Tuesday, August 19, 2008

Symphonic Sound

I heard the symphony play the other night at our local outdoor theater. I'd had a busy day, a busy week, and I was overtired. It was my first free evening in days and all I wanted to do was go home, put on my nubbiest cotton pjs and climb in bed for a blissful 12 hours. But very little will keep me away from the symphony and the magical, blissful sounds that emanate from their instruments.

When it comes to the five senses, hearing seems to be my most acute sense. Touch is right up there with hearing, then sight, then taste, then smell. No, I don't have the most powerful nose on the planet, but I do have a friend with such frightful ability to sniff out funky smells that I'm afraid to approach her if I have chanced to eat some garlic or even perspire in the last twenty-four hours. And I can't smell breakfast on people like one not-to-be-mentioned brother can. (Does everyone in the world have this ability besides me?)

But when it comes to hearing and sound, the gods have blessed me with copious auditory abilities. At least that is what I hear. :)

For instance, in high school and junior high, I watched siblings and friends get ready for school listening to the local radio station. I thought that was so cool. I tried it many, many times thinking if I could just listen to the same radio station that I would somehow be invested with a "coolness" factor that I felt was missing in my life. Yet, no matter how many times I tried to listen to the radio, I only ended up with a headache. The static on the radio annoyed me. I didn't like the band playing. The words of the song were nonsensical. The music made me depressed. It could have been one or all of these things, but listening to the radio for most of my life has been an exercise in frustration.

In high school, my bedroom was right next to the family room--or TV central. I don't know if it was a house with ten people, or others' poor hearing, or just simply a preference, but whenever the TV was on it seemed to be punched up to volume SUPER LOUD. And that bugged me to pieces. I couldn't sleep, concentrate, study, or even think if I could hear the TV blaring in the background. I was constantly asking people to turn down the TV. (On a sidenote, that is one of my brother-in-law Spencer's many virtues: he can watch TV with the sound almost muted. I love that about him.)

After my freshman year in college, I lived with my grandparents for the summer. Living there was a revelation to me. For the first time in my life, I lived in a house with less than six occupants. The diminished noise level was a new-found nirvana to me. I had no idea how anxious and stressed lots of noise made me previous to this summer. I couldn't believe how calm I felt. How much I learned about myself that summer. How many decisions I made for my future. And it all seemed connected to the peace and quiet that had overtaken my life. After that summer, I really started to cherish my ears and what they had been telling me my whole life: pay attention to the noise around you and cut out the bad while welcoming the good.

And some of that good sound came on my 21st birthday. My parents' took me to the symphony for that birthday. I must have requested it because I don't believe either of them had ever been. We sat clear up on the third balcony above the crowd and waited. I had no idea what to expect. I just knew that I needed to hear the symphony. And what took place for me was nearly two hours of sheer serenity. It was an orgy for my ears. I felt thrilled and devastated all at once. I never knew what such beautiful, beautiful music could do for me and I'd spent my entire life up to that point not knowing.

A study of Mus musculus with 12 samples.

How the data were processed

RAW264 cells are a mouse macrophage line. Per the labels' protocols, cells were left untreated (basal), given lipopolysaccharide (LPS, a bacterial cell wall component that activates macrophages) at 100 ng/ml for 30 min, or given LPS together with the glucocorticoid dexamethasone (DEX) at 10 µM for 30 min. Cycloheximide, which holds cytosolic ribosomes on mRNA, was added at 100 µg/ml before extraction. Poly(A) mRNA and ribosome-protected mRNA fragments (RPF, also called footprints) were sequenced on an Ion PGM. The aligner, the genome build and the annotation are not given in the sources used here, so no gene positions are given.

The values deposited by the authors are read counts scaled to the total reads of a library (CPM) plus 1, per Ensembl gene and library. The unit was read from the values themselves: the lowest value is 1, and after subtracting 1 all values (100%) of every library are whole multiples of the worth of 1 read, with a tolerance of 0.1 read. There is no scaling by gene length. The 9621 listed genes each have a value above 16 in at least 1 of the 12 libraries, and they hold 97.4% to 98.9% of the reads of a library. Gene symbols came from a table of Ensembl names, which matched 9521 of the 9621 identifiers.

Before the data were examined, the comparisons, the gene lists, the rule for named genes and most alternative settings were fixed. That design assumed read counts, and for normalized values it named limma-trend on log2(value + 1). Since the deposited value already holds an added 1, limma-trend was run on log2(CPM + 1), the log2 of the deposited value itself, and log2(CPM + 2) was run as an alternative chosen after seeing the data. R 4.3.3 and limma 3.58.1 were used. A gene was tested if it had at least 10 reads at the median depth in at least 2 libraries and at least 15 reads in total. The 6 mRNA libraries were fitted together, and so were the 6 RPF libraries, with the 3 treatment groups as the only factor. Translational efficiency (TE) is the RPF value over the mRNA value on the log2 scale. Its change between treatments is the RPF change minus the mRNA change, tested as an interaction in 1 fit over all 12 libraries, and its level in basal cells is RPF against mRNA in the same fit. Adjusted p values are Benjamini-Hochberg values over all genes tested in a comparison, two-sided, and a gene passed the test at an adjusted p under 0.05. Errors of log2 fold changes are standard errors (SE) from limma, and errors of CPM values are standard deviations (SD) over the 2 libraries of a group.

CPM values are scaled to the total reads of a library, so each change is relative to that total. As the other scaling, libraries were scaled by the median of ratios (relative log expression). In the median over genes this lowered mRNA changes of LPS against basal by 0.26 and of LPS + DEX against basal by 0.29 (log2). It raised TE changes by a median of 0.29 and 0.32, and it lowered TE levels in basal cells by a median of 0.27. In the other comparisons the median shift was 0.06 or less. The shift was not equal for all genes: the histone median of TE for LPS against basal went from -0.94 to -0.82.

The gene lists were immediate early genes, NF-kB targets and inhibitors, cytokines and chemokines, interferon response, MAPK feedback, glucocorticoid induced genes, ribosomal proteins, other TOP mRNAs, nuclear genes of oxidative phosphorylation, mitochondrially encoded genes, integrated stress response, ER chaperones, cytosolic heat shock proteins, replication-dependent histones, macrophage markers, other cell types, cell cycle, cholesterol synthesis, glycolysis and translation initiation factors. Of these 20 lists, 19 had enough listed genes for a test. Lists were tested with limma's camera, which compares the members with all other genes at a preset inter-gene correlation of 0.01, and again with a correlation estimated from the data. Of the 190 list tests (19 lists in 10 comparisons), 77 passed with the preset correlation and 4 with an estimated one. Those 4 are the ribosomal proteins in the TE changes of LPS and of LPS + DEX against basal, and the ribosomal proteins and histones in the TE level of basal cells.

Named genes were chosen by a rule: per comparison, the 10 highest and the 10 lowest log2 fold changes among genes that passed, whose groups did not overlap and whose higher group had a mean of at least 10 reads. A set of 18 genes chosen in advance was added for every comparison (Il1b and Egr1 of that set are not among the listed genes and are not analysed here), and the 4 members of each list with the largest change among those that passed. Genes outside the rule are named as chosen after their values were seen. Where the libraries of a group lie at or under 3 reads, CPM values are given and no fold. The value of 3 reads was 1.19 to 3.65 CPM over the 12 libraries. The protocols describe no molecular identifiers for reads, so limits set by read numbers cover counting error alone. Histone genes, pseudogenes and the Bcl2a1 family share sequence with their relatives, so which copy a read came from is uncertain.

I vowed a vow that day to never miss such an opportunity again. (Okay, so really, the vow was more that I would make my very best effort to get to the symphony as much as possible.)

So, I prodded myself out the door on Monday night and went to listen to the symphony under the stars. I'm so happy I did. My ears sent me paroxsyms of delight.


Lori Sume said...

I was there too! Christine and Mark sat by me too. We had a great time. Too bad we didn't know you were there. We could have saved a place for you. It was a great night!

Rus said...

I've had paroxsyms before too. They were very painful.

Eden said...

Lori--I would have sat by all of you that night if I had known. Wasn't the music beautiful?

Rus--I wrote that word JUST for you. I knew as soon as I typed it out that you would get a kick out of my high drama.

Christine said...

I'm so sad we didn't know you were there. I looked for you, but I should have called. We were way down on the other side in general seating. It would have been fun to visit!

And I now have to go look up paroxsyms, what a strange word.

Kristin said...

I have just had one of those days and everyone is finally in bed and asleep and I thought I need to unwind a little before bed or sleep will never come. Nothing helps me unwind like reading something that is just fun to read and this was it for me tonight so THANKS for writing!

Eden said...

Christine--use I'm on that site every day and love it. Favorite of any editor around.

Kristin--you have no idea how grateful I am for your words today. I wonder sometimes if my writing is reaching anyone. Nice to hear that it is.

Cissy said...

What a delightful, introspective. I have never thought about my strongest sense and now I want to contemplate that.

L & H & Q & E said...

I agree -- I *hate* noise. One reason I wanted a small family -- I'm not kidding. This is the reason I am instantly stressed when a baby cries. I know the baby will be okay, I just can't take the noise! It's *super* important to me that my house be quiet and peaceful.